By Dr. Kevin M. Gibas
In 2003 a rare viral disease infected more than 8,000 people and took more than 700 lives across the globe. This condition, called SARS, or severe acute respiratory syndrome, captivated the public as it spread from continent to continent.
In 2009, six years after SARS had faded from the public’s consciousness, another massive pandemic struck. This time it was a novel influenza virus, widely referred to as the H1N1 influenza virus or “swine flu.” The Centers for Disease Control and Prevention estimates that the virus was responsible for infecting more than 60 million people and causing more than 12,000 deaths in the United States and between 150,000 and 575,000 deaths worldwide.
More recently, previously foreign pathogens such a Zika and Ebola, which have been responsible for major pandemics in Africa, Asia and Latin America, have surfaced in the United States, grabbing the attention of the American media, politicians and the global health community.
Unfortunately, it is all too common that major disease outbreaks and epidemics captivate the public’s attention and dominate the news cycle for weeks to months but are ultimately forgotten when the immediate threat of the disease or agent diminishes. As a result, the public attention and pressure, as well as funding, to create sustainable strategies for research and outbreak planning also diminishes as attention is turned to the next hot-button issue.
From the anthrax scares of the early 2000s to SARS in 2003 and most recently, Zika and Ebola, the momentum that is gained for research and planning during these outbreaks as a result of the public’s focus and attention on the issue is often lost when the attention on these diseases fades, leaving inadequate funding for research and preparation on what to do if these threats return.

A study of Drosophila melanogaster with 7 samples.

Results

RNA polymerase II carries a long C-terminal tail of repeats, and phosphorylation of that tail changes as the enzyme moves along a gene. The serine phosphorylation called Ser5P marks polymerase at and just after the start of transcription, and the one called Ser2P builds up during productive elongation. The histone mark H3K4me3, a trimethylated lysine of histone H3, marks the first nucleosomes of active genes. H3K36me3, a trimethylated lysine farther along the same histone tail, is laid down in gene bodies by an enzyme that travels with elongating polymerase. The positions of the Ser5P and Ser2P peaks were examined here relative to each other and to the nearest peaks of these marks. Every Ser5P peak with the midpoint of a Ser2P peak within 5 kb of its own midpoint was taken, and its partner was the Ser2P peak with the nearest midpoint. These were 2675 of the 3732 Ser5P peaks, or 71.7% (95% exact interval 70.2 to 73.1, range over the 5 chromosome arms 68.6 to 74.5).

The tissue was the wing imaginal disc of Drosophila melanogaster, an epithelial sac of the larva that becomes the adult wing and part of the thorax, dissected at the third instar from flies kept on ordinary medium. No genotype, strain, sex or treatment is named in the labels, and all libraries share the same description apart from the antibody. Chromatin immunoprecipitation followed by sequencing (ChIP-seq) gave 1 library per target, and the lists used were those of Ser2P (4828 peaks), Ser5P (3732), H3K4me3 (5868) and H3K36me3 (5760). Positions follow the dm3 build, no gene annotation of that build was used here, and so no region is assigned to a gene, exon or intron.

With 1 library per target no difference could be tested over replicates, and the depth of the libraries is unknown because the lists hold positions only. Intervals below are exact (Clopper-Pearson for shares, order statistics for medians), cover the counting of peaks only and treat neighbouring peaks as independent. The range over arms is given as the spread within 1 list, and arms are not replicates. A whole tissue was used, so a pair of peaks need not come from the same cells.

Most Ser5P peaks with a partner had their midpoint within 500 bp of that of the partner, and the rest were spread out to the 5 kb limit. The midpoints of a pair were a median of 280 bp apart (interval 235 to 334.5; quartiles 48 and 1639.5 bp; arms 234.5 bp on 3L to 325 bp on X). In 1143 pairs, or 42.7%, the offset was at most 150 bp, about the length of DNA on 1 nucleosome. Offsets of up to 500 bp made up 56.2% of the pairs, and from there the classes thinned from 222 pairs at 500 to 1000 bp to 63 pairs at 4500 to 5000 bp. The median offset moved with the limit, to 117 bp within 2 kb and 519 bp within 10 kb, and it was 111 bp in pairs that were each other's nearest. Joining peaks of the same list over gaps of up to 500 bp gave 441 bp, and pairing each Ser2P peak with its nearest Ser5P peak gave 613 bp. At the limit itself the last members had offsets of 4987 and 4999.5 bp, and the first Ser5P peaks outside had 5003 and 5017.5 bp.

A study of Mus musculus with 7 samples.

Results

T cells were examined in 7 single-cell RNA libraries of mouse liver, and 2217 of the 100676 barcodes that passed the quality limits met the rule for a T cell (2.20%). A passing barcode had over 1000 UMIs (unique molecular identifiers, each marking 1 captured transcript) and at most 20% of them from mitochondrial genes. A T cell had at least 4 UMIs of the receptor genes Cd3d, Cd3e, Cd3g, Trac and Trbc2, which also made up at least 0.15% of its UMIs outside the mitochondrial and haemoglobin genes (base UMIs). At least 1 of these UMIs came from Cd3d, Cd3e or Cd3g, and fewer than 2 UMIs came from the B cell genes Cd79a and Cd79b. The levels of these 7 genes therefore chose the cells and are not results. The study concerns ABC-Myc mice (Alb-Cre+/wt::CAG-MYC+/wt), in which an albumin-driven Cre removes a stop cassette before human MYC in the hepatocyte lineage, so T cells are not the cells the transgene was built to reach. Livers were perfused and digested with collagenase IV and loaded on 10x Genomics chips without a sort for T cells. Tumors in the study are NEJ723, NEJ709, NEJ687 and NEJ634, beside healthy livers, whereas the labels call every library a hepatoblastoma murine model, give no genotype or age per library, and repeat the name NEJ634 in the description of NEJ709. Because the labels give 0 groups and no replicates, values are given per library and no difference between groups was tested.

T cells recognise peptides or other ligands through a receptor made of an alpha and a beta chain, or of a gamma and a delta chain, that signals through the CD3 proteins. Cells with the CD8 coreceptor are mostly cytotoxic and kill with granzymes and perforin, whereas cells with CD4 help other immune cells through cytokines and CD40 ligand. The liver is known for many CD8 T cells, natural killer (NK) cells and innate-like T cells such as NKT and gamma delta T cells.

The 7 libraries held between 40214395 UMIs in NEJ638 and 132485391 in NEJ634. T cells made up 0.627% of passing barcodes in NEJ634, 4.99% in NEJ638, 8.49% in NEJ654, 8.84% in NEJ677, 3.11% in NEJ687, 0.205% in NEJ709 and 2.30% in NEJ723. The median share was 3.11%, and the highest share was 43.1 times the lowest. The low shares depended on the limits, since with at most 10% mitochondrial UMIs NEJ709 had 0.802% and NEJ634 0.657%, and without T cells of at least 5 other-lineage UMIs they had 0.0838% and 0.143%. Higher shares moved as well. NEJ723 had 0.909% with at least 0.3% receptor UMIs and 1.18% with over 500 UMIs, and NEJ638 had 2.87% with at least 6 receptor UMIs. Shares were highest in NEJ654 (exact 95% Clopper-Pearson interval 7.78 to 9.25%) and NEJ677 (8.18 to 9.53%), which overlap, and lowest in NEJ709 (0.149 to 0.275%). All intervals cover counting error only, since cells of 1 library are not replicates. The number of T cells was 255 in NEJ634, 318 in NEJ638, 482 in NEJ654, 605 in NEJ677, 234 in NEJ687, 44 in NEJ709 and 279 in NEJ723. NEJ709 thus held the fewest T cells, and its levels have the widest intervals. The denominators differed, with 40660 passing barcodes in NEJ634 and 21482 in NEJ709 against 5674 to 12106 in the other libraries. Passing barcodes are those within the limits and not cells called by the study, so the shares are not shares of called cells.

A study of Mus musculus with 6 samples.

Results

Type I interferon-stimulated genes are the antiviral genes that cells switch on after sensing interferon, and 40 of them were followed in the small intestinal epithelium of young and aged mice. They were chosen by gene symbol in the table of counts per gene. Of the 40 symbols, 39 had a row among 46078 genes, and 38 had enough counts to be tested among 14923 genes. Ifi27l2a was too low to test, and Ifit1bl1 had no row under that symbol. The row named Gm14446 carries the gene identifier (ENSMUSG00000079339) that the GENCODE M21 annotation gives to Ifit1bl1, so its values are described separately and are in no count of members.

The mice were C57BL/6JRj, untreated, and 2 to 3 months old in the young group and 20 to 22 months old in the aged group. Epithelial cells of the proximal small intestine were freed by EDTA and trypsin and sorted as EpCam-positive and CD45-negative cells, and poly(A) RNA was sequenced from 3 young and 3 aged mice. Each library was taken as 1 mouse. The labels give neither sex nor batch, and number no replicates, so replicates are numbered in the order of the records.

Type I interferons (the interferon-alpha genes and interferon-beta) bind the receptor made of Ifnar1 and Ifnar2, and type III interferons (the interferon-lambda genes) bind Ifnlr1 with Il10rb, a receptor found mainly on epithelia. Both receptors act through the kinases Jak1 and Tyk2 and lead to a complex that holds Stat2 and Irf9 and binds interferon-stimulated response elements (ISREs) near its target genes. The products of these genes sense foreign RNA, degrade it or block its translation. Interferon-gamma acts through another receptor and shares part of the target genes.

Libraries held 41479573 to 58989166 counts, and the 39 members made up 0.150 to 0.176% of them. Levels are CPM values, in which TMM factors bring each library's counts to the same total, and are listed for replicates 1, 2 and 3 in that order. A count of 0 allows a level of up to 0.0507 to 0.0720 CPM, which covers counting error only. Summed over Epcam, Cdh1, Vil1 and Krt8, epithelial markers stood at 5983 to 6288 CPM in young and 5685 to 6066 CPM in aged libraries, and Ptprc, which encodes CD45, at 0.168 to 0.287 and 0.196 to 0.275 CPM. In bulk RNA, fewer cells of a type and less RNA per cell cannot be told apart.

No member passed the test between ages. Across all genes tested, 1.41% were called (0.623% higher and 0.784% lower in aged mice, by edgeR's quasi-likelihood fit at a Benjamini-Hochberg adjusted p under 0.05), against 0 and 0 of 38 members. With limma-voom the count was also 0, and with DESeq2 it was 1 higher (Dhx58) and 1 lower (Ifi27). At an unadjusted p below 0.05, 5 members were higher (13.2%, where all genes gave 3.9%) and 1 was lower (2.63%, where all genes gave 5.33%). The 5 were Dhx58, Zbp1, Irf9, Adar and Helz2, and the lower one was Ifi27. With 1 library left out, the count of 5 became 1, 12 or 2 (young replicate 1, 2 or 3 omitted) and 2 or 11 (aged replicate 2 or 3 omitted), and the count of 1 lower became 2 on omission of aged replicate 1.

It is not a question of if, but when, a new contagion or a large-scale pandemic will emerge that will test our public health system’s infrastructure. A national lack of infrastructure to deal with such threats, unless addressed on many different levels, could be disastrous when a new pandemic emerges. Ensuring that we are prepared for this next epidemic will require the input and collaboration between health care, public health and government institutions on many different levels.
It will require education and training of medical professionals, including physicians, nurses, emergency medical technicians, as well as first responders. It will also require funding both in the United States and in areas of critical disease burden abroad for disease treatment, vaccine research and the funding to create the infrastructure necessary to respond to large-scale epidemics.
Dr. Kevin M. Gibas, a graduate of St. Joseph’s Collegiate Institute in Buffalo, is a resident in internal medicine at Harvard Medical School’s Beth Israel Deaconess Medical Center in Boston.